Salt Caravans of Niger


Taghlamt

Going to Bilma to get salt

For centuries, camel caravans have carried salt along caravan routes across the Sahara Desert. One of these routes went from the salt springs in Bilma and westwards in Niger to the oasis towns of the Aïr Mountains and to Agadez. It is called the “Taghlamt”.

The trade routes through the Sahara linked countries around the Mediterranean Sea with countries south of the Sahara. On the trade routes through the Sahara, camel caravans began to be used around the year 300. The Camel caravans had their heyday between 1490 and 1590.

Ibn Batutta, the Arab explorer and geographer, said that the caravans often had more than 1000 camels and that sometimes there could be as many as 10000.

Caravans with thousands of camels loaded with salt and other goods crossed the Sahara and arrived in places like the fabled Timbuktu in Mali and Agadez in Niger. The caravans carried, among other things, salt, fruit, grain and gold. Salt was a precious resource. It is said that once upon a time, a salt bar was worth about as much as a gold bar.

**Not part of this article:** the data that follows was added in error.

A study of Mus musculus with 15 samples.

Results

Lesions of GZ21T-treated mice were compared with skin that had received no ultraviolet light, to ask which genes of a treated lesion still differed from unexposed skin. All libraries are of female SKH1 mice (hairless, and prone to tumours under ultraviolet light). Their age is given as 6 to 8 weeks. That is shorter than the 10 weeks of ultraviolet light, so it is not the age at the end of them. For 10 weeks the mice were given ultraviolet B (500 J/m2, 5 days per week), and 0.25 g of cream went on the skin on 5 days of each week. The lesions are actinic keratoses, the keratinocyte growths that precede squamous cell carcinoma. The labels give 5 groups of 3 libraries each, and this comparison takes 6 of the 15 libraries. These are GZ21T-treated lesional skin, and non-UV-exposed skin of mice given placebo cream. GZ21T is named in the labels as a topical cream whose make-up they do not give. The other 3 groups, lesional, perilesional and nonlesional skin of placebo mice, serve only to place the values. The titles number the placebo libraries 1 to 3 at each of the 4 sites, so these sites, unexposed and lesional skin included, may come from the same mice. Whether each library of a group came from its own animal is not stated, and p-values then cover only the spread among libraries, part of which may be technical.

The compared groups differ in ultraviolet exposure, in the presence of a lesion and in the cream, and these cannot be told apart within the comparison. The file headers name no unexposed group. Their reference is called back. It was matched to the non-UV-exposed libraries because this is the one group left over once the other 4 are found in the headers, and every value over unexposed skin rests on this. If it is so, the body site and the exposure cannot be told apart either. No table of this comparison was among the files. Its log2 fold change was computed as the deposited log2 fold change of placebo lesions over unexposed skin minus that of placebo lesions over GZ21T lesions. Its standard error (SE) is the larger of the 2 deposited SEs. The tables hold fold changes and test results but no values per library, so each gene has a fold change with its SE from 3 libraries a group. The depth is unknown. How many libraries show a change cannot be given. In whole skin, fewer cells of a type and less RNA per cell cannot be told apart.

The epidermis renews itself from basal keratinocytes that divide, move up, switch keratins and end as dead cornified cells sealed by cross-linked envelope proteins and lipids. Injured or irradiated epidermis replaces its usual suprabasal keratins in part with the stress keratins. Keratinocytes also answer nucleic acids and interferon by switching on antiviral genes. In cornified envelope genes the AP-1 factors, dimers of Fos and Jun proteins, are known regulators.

Camels are no longer in use along the main traditional trade routes today, but on two shorter routes from Agadez to Bilma and from Timbuktu to Taoudenni (called the "Azalaï"), camel caravans could be seen up until recent times. On both of these routes, however, camel caravans have almost entirely been replaced by trucks.

The route between Agadez and Bilma runs through a part of the Sahara called Ténéré (“Ténéré” comes from the Tuareg language Tamasheq and means "desert"). The Ténéré nature reserve has been a UNESCO World Heritage Site since 1991.

The route passes through the oasis town of Fachi and the 600 km journey takes around 3 weeks. Two types of salt were extracted from the salt sources in the Sahara, salt for human consumption and salt for animal feed. The salt from Bilma is used for animals.

See also the image captions for some additional information.